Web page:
Many consumers believe that once they've declared bankruptcy, it will be impossible to own a home for at least seven years. While it's true that a negative debt mark is placed on your credit report and can remain there for up to ten years after a bankruptcy, it's not impossible to secure a mortgage almost immediately afterwards. How is this? There are a lot of factors that are taken into account when a lender estimates the level of debt risk they are willing to assume when extending credit to their customers. In the wake of the recent sub-prime lending meltdown, there are still ways that less-than-prime debtors can secure new lines of credit.
Generally, a lender will ignore an individual who has undergone a bankruptcy or a consumer proposal for a period of two years. After this time, however, you may be able to prove your ability to pay back a loan if you can meet these two conditions: 1) You have a history of steady income; and 2) You can show stable employment. During this time, you should be also enacting a debt repair plan in order to do what it takes to increase your loan worthiness. If you don't wish to wait, there is always the possibility that you can put down a larger down payment, thus assuming greater financial risk. Many lenders will consider a 25% down payment as adequate to secure a new mortgage. Be aware that lenders may also require an additional lender/broker fee of up to 2%.
As soon as one week after you've been discharged from a bankruptcy or consumer proposal, you can apply for a secured credit card. By putting down $500 as a "deposit" or bond against this account, you can ostensibly begin managing credit again. There's also a system whereby a bank will grant you a line of credit under the strict assumption that the loan is to be held for a specific period of time and for the specific purpose of improving your credit rating. Talk to a bankruptcy specialist to learn more about these two lesser-known tactics to increase your ability to buy a new home quicker.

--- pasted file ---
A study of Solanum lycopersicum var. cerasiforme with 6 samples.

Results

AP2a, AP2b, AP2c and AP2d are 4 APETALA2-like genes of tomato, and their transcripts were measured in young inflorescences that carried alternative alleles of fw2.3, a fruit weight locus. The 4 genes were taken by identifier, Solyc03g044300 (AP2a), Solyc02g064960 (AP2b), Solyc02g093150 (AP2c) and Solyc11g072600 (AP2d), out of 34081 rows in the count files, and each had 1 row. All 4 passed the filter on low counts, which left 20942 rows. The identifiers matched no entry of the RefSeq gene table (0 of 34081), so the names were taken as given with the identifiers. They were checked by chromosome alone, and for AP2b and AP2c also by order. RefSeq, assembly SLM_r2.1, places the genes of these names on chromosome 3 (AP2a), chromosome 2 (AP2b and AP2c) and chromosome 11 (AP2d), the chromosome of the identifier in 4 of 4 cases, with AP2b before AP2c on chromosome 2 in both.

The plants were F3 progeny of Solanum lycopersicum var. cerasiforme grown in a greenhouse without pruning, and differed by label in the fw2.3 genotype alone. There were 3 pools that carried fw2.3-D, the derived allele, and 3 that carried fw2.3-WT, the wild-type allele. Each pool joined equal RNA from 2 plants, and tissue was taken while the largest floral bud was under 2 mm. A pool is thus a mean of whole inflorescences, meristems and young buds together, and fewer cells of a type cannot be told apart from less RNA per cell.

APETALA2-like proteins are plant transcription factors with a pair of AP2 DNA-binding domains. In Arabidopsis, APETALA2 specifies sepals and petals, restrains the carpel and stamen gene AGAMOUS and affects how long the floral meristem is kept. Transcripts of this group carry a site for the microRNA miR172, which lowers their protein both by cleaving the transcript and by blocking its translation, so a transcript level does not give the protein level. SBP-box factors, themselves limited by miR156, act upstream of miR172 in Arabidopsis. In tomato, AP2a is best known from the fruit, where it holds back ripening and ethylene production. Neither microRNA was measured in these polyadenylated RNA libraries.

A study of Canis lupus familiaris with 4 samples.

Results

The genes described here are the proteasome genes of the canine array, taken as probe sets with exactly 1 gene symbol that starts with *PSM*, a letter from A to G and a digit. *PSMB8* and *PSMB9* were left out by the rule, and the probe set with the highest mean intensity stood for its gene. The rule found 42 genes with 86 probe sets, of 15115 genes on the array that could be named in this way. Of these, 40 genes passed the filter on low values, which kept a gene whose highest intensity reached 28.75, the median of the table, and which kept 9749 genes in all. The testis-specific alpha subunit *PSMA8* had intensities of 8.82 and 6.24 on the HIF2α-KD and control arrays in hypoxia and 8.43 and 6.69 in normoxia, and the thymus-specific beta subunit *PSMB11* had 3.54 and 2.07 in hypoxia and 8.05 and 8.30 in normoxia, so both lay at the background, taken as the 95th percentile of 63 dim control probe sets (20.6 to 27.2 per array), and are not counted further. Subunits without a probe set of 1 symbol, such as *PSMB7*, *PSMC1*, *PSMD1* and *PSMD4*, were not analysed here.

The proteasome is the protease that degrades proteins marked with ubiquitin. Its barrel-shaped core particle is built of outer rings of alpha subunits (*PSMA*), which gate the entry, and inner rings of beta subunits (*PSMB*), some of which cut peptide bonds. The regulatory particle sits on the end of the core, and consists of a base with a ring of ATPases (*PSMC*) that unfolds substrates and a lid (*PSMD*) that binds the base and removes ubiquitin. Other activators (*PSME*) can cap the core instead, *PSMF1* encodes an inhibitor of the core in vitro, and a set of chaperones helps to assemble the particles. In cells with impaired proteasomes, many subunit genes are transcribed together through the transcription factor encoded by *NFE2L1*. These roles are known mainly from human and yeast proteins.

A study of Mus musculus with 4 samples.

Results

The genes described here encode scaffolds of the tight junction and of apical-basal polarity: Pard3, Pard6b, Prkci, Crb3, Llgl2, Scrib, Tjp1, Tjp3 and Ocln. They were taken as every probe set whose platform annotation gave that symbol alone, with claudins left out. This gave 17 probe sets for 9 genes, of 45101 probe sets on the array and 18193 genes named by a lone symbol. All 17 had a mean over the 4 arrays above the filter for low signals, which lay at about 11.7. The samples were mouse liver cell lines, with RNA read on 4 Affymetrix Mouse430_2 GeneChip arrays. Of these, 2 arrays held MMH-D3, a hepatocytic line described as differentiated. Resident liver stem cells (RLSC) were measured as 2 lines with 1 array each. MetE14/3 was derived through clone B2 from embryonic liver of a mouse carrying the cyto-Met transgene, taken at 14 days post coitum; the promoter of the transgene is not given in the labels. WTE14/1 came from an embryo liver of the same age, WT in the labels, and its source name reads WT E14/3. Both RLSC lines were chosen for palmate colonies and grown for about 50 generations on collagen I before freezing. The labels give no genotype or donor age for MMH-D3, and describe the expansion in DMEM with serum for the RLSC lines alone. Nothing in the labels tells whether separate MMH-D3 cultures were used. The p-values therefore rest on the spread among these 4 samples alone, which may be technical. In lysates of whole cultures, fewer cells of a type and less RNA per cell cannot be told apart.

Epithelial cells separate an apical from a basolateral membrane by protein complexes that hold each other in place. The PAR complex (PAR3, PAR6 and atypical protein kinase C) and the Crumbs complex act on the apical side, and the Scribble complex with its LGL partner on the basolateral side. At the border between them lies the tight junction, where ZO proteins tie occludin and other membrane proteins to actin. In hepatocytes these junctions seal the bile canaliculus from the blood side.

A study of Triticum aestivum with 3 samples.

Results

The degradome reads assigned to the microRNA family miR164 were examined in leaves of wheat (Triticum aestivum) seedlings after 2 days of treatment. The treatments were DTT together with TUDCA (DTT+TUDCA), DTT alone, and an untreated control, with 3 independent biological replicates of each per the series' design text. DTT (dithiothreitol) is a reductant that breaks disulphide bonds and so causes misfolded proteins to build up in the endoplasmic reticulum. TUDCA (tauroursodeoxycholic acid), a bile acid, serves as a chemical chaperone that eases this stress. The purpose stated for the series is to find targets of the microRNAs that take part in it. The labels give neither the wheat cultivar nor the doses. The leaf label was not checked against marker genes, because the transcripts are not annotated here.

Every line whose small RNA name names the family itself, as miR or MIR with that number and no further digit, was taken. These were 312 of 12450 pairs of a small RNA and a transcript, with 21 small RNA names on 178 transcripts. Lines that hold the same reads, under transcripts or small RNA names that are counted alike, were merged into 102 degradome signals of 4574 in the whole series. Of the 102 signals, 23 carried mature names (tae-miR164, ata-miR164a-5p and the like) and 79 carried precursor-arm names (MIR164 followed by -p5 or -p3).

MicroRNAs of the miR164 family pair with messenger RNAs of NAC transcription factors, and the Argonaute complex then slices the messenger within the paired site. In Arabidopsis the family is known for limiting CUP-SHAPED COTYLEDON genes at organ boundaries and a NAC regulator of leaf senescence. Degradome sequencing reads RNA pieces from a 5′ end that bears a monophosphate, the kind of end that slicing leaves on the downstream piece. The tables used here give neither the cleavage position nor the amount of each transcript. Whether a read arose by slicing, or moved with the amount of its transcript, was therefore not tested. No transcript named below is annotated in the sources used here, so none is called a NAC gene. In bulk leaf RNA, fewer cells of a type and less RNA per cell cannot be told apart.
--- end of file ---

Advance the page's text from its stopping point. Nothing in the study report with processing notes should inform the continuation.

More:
It's not widely publicized, but lenders look into more than just your credit report and your history of debt management. They also look at what are known as "hidden credit" indicators, such as your ability to pay your phone bill, your utility bills or your rent. Over the two years that you're planning to enact a credit repair plan, be sure to be faithful in these areas so you can show a history of responsibility. As well, make sure you explain your situation to your new intended lender. The way you talk and carry yourself can have an impact on the way you are viewed as a risk.
It's not impossible to secure a new mortgage after a major debt occurrence. But be aware that you'll be under intense scrutiny for at least seven years before your record is completely expunged. Take charge now by accessing your credit report and credit score in order to determine where you stand at this very moment. Then begin a repair plan that has the specific goal of improving your credit within a certain period of time. With proper time and financial management, you'll be able to get that new home.